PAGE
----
This is the third and final post about the controversy over statistical analysis used in peer-reviewed published scholarly research. Most of the new stuff are covered in post #2 (link). Today's post covers statistical issues related to sample size, which is nothing new, but it was mentioned in Amy Cuddy's response to her critics and thus I also discuss it here.
In post #2 (link), I offer the following mental picture of the two sides in the boxing ring:
- the traditionalists (e.g. Susan Fiske who wrote the scathing condemnation of the reformists) believe that there is nothing wrong with the long-accepted standards of publication - in their world view, each new published research article showing p<0.05 experiments reinforces prior publications, and strengthens the scientific basis of the research agenda;
- the reformists (e.g. Andrew Gelman) believe that the standards of publication are broken - in their view, the additional published research with p<0.05 experiments creates a false sense of security because consumers cannot see (1) any of the negative studies rejected by journal editors, or not written up because of anticipated rejection, and (2) results of a universe of alternative experiments that the researchers could have done that might have shown negative results.
For more on the concepts behind these arguments, with names such as file drawers and garden of forking paths, read my earlier post.
The full agenda is as follows:
Key Idea 1: Peer Review, Manuscripts, Pop Science and TED Talks (link)
Key Idea 2: P < 0.05, P-hacking, Replication Studies, Pre-registration (link)
Key Idea 3: Negative Studies, and the File Drawer (link)
Key Idea 4: Degrees of Freedom, and the Garden of Forking Paths (link)
Key Idea 5: Sample Size (Today)
Key Idea 5: Sample Size
In the previous post, I ended with a brief discussion of meta-analysis, or systematic review, which attempts to consolidate evidence, and present a summary of the state of the world.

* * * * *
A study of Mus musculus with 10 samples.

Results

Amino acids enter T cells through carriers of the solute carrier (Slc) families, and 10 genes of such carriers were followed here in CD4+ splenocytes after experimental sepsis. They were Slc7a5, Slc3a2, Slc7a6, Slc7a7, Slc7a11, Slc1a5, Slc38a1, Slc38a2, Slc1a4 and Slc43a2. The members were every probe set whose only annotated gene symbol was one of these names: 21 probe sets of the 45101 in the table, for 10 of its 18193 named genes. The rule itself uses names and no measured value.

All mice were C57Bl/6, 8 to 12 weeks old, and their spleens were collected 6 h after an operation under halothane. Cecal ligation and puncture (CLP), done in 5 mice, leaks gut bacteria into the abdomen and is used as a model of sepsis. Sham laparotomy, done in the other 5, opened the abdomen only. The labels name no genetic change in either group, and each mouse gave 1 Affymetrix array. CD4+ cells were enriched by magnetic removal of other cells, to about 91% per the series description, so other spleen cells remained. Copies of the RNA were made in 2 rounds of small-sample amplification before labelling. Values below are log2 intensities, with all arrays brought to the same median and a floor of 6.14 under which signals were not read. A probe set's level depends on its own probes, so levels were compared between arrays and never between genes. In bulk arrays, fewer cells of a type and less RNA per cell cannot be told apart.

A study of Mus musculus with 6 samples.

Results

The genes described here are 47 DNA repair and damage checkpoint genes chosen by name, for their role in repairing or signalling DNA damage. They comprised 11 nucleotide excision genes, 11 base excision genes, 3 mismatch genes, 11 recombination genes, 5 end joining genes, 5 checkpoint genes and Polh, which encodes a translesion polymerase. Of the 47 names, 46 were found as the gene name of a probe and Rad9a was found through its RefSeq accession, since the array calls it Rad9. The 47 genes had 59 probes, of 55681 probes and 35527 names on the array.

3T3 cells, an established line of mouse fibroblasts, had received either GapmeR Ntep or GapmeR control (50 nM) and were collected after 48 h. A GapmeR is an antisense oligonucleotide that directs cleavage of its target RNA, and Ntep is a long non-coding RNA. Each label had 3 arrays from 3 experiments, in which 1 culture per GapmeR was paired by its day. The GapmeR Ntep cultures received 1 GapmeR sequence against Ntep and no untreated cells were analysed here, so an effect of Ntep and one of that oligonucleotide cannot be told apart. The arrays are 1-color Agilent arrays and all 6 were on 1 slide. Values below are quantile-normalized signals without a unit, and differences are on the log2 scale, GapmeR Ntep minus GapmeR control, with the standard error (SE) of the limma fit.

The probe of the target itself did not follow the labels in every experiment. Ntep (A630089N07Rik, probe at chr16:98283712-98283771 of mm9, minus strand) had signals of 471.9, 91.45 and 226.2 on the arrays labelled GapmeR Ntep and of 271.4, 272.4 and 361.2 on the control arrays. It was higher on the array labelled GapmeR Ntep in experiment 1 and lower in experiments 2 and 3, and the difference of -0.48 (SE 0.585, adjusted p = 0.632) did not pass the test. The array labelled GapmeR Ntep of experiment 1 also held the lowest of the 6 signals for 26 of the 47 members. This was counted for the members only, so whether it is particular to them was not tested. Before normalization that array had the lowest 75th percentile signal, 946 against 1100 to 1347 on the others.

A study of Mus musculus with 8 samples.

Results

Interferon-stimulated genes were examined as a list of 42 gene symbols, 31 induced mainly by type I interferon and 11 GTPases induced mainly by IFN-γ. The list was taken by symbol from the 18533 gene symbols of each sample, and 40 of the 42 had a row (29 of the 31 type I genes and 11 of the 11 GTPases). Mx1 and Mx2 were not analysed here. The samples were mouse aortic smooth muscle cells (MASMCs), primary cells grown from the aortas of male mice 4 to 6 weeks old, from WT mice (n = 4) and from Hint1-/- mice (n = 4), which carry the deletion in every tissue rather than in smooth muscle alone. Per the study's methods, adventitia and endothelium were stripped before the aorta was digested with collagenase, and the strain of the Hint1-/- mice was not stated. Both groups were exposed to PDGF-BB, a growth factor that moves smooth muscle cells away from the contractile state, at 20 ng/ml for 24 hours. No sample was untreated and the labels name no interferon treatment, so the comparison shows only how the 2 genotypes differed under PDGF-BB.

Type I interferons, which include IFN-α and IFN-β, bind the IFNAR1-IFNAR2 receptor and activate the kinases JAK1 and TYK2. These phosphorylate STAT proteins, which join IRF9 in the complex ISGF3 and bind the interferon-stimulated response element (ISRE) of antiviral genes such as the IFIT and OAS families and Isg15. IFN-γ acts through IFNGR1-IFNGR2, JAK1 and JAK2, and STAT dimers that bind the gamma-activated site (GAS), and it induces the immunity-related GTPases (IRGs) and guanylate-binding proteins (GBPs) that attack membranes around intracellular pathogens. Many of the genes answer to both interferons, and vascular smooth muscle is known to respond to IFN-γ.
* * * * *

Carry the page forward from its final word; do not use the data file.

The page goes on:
One motivation for conducting a meta-analysis is to pool the data from numerous small studies. Many results from psychological experiments come from 30-50 subjects, who are typically students enrolled in college classes. Comparatively, polls typically have thousands of respondents. In all experiments, the effect under study must be strong enough to be observable. Small samples have more noise, making it harder to observe the effect, even if it exists. If the anticipated effect is small but positive, larger samples are recommended. When a statistician complains that a study is “under-powered,” he or she is saying it needs a larger sample size.
The Ranehill, et. al. power pose replication study used 200 subjects, five times more data than the original study with 40 subjects. All else equal, the error rate drops by more than half. So it should be a lot easier to observe the power pose effect in the replication study relative to the original study, assuming that the effect comes in in the same direction.
The concern about sample size or power in a study is well-trodden territory, and not controversial. It is part of the standard conversation during the design phase of any experiment, psychological or otherwise. The current statistical critique of the power pose research has nothing to do with sample sizes.
While this controversy is breaking out in academia, it has a lot of meaning for anyone working with "big data."
Nobody wants false positive results, which leads to wasted time, effort and money. In this set of posts, I discuss a range of enablers of false positive results:
- ignoring negative studies, or dismissing them as non-informative
- testing too many response variables
- testing too many sub-populations
- tweaking the experiments too much
- too small samples
- running your study on one population and drawing conclusions about a different population
It's not that you shouldn't do any of these things - they are standard steps in a data analysis process. If different settings/variables/sub-populations lead to different conditions, you have to be careful in interpreting the findings. Most researchers do not intentionally make false-positive results. But we all are at risk of unintentionally making these mistakes. It's all too easy to come up with stories that justify the tweaking/testing/ignoring that we do.